Amazon GAs Textract, Its New Machine Learning-Based OCR Service

Companies that rely on optical character recognition (OCR) to digitize the content of printed forms may be interested in Textract, a new machine learning-based OCR service that just became available from Amazon Web Services. The OCR service can digitize simple text as well as more complex data contained in forms and tables.

OCR is rudimentary form of AI, and it isn’t new. In fact, organizations have been using the technology to bridge gap between the world of printed forms and digitized data since 1914, when the earliest OCR technology was developed.

Despite the decades of productive OCR use, there are drawbacks with standard implementations of the technology. One of the biggest disadvantages is the need to continually adapt the OCR rules to account for forms that change over time, not to mention configuring OCR to work with new forms.

This requires an investment in human programmers to maintain the extract rules that guide the OCR. Vendors in the space have made progress in minimizing the amount of OCR maintenance work, but it’s never been zero.

That’s the core area where AWS says it’s made improvements to OCR with Textract. The cloud giant says its technology can automatically detect the layout of a document, including where its key elements reside on the page, without any coding or configuration of templates. AWS also claims that Textract can “understand the data relationships” contained in embedded forms or tables, and maintain the context of the data as it converts it from a document into a digitized form.

The secret to all this automated understanding and maintaining of context, of course, is machine learning. AWS says that it has trained Textract’s machine learning algorithm on millions of documents across multiple industries, ranging from contracts, tax documents, and sales orders to enrollment forms, benefit applications, and insurance claims.

All that training helps to minimize the human maintenance required. The key question, of course, is how much human maintenance will be required to maintain a high level of OCR accuracy with Textract.

AWS claims there won’t be much human intervention required. “You no longer need to maintain code for every document or form you might receive or worry about how page layouts change over time,” the company says.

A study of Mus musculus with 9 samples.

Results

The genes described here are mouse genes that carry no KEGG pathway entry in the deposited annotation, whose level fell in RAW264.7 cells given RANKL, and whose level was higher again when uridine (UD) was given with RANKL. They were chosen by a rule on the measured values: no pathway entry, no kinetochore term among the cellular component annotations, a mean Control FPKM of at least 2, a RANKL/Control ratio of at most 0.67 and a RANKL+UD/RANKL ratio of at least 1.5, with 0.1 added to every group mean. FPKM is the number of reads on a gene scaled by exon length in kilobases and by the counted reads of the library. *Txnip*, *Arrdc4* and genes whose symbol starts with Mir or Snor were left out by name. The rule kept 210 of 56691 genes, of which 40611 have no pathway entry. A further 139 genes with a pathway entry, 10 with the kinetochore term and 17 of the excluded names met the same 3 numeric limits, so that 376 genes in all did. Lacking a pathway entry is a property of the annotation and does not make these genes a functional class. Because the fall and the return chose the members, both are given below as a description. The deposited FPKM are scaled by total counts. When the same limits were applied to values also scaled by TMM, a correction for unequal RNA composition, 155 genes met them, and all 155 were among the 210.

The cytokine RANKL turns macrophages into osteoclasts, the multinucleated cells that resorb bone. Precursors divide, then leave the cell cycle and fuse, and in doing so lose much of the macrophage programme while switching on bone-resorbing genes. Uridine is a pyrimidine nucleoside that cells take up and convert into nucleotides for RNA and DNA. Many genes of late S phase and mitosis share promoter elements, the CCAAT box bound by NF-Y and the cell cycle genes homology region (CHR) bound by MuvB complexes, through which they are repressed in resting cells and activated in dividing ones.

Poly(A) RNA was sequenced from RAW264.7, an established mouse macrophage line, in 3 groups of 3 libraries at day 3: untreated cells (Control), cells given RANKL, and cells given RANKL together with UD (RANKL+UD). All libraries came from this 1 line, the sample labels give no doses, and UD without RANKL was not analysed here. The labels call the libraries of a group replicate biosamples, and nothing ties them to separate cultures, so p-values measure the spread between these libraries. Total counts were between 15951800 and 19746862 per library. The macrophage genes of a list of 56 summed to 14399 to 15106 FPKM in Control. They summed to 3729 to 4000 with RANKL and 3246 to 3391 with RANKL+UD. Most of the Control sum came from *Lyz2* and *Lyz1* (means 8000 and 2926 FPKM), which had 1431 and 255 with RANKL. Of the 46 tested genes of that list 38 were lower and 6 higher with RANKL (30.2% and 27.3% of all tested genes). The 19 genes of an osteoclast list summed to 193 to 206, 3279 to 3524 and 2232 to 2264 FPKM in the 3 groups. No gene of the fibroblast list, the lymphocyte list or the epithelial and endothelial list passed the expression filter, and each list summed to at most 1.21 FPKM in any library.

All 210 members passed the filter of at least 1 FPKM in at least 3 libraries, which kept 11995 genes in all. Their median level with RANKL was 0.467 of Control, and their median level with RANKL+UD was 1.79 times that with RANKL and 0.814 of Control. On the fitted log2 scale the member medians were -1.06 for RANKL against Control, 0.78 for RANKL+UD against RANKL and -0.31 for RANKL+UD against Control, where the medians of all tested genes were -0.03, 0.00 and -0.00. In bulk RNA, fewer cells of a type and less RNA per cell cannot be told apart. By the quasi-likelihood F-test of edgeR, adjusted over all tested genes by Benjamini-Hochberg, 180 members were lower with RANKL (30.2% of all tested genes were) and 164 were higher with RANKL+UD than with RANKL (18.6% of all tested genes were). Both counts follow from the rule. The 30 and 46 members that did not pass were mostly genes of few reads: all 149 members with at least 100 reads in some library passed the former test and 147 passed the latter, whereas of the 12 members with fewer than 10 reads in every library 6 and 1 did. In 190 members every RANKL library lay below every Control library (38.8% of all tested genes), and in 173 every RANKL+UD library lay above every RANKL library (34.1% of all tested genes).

However, the company isn’t guaranteeing 100% accuracy. The service comes with an “adjustable confidence thresholds” that allows users to configure the system to automatically flag content that Textract is not sure about.

“For instance, if you are extracting information from tax documents and want to ensure high accuracy, then you can create business logic to flag any extracted information with a confidence score lower than 95% to be reviewed by a human,” the company says.

Textract works with a range of document inputs, including scans from multi-function devices, PDFs, and photos. It’s default is to output the OCR extract in JSON format. It will automatically load the JSON into one of several AWS repositories, including Amazon DynamoDB, Amazon S3, Amazon Comprehend, or Amazon Elasticsearch Service.

AWS exposes two APIs with Textract, including the Detect Document Text API and the Analyze Document API. The first API works with textual data, while the second one is designed to work with data contained in simple forms and more complex tables.

The Analyze Document Text API can create key-value pairs from data contained in simple forms. The software automatically maintains the relationships between the individual pieces of source data, which retains the inherent context contained in the document so that it can be referenced later.

Similarly, when using the Analyze Document Text API to extract information from tables contained in more structured documents, such as financial or medical records, Textract gives users the option of loading the data into a pre-defined schema, which will be a useful for loading the data into existing applications or business intelligence reports.

Textract debuted last fall, when AWS CEO Andy Jassy announced the beginning of beta testing for the service during the cloud giant’s Re:Invent conference. AWS announced last week that the testing is now done, and customers can begin using the service on meaningful workloads. However, it’s only available in four AWS regions, including Northern Virginia, Ohio, Oregon, and Ireland.

For more information, see the AWS Textract website.